Some of you may remember that in September last year I wrote about a little graveyard on the road between Callander and Loch Lubnaig, in which are buried several members of the McKinlay clan. The graveyard once surrounded a small chapel dedicated to St Bride, and is in fact mentioned in Sir Walter Scott’s ‘The Lady of the Lake’.
On 7th September this year – strangely, it was exactly a year later, to the very day – Colin and I went there again, along with some new friends, and for a very special reason.
When I published my post it attracted quite a lot of interest from McKinlays and their relatives around the world; several of them have a line of descent that can be traced back to this small graveyard and the people buried in it.
Among the people who got in touch with me last October was Moira Goodman from Dunfermline, who knew about the graveyard already but told me that she had greatly enjoyed the article. Moira kindly shared with me an old photo of the graveyard, taken in 1910, and she also filled me in on the genealogy of the McKinlays of Annie, near Callander, some of whom settled in Canada in the 1800s. Then, in August this year, a lady called Jean emailed to say that she and her husband Terry were planning on coming over from the US to see St Bride’s, where Terry’s 5 x great grandparents were buried. I was excited to meet them, and I also felt that the two families should definitely meet up!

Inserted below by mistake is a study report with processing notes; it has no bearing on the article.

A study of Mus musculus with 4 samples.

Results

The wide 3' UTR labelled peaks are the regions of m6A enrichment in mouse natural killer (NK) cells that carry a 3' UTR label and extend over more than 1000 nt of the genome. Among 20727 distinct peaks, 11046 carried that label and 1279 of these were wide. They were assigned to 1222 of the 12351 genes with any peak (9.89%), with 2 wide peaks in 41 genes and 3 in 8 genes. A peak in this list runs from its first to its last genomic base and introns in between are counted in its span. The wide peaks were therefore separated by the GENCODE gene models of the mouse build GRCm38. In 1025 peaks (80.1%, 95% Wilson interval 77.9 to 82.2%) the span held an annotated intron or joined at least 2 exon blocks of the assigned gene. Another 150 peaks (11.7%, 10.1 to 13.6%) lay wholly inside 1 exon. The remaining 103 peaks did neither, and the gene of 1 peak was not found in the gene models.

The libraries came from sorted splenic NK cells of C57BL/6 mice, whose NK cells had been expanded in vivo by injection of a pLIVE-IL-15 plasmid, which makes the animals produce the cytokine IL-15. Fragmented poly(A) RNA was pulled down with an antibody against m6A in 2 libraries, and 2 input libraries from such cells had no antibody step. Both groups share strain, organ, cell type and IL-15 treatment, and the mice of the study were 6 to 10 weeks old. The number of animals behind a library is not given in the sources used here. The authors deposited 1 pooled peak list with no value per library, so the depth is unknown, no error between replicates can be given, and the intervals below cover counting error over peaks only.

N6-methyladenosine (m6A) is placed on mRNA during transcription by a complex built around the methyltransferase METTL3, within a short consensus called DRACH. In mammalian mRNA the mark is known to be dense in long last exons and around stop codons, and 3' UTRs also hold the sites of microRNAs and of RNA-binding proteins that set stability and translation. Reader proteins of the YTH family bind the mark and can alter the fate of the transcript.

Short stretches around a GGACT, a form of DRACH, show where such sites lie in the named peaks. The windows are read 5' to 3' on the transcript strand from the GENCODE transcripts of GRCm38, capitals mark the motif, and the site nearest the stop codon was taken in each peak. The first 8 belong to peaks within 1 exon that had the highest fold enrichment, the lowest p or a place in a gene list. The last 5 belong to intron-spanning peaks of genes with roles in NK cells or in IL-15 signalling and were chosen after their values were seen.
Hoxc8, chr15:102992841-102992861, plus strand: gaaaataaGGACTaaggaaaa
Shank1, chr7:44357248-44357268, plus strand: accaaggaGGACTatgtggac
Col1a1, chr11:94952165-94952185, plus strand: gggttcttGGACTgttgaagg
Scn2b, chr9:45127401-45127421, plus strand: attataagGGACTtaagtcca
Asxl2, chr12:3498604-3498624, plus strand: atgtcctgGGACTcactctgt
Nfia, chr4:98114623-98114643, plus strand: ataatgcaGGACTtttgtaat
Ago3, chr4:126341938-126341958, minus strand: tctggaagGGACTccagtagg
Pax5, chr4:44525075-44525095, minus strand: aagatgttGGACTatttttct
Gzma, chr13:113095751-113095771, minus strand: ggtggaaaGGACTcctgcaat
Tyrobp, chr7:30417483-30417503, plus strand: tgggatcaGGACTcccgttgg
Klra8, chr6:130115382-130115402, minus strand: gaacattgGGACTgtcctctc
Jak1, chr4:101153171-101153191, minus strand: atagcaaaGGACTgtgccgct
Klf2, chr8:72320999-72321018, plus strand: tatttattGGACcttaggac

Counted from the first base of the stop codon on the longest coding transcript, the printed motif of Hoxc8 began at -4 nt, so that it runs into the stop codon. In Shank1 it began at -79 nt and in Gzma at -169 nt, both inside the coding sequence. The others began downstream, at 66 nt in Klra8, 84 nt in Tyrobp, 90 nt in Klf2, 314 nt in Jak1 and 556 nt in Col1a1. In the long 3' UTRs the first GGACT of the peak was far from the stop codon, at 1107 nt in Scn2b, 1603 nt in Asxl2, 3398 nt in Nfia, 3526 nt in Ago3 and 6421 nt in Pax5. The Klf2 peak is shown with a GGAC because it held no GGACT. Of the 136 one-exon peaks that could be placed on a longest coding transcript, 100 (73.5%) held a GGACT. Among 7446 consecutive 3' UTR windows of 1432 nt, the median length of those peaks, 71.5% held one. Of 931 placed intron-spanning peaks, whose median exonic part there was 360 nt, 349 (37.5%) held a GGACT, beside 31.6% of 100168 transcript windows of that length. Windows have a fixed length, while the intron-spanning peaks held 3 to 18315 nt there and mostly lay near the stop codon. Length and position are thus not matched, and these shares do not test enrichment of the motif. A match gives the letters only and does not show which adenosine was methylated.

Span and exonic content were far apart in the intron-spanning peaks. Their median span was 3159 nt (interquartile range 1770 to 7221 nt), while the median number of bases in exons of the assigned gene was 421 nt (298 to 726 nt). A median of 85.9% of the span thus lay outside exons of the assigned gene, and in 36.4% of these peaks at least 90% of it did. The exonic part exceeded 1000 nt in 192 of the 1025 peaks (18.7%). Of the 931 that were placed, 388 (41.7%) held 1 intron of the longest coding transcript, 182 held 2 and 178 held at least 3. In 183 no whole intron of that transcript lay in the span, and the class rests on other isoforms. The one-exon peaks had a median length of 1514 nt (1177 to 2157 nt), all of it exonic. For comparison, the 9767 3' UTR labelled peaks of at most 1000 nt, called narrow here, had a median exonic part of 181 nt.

Specifically, both Moira and Terry can trace their lineage back to John McKinlay and Elizabeth Ferguson, who are buried at St Bride’s. John was born in 1679, and died in 1732. The graveyard is now quite overgrown, and the only stone still standing is that of John and Elizabeth’s son, James, who lies together with his wife, Elenora, and their son, Peter. But once you begin walking around the site you realise that there are more graves, together with what I believe are the foundations of the old chapel.
It was an absolute delight to meet Jean and Terry, along with Moira and her husband, Peter, on a sunny morning in Callander, and to drive the short distance to St Bride’s. As I’ve said before, the graveyard is not the easiest place to access, lying on a sharp corner at the end of a straight section on the busy A84. If you’re thinking of visiting it yourself, take great care in walking there and in getting your car off the road; there’s a lay-by just a couple of hundred yards before it.
Moira had already visited St Bride’s and knew of its significance in her history, but for Terry and Jean it was a new and lovely experience; I cannot think of a more beautiful spot to find as the last resting place of your ancestors.
I know that Moira, Peter, Jean and Terry explored a few more graveyards during that week, and shared a lot of anecdotes and insights about their family trees. What a nice thing to have happened. I am thrilled to have met them, and to have been able to bring them together.
You can read the full feature about St Bride’s here on The Hazel Tree.
For part of their holiday, Jean and Terry had chosen to explore Scotland with Cameron Tours, based in Dunfermline. We enjoyed talking to the owner/driver, Dave, who has a lot of fascinating information to share about the places he visits.
Photos copyright © Colin & Jo Woolf
If you believe that you are descended from the McKinlays in St Bride’s, please feel free to contact me.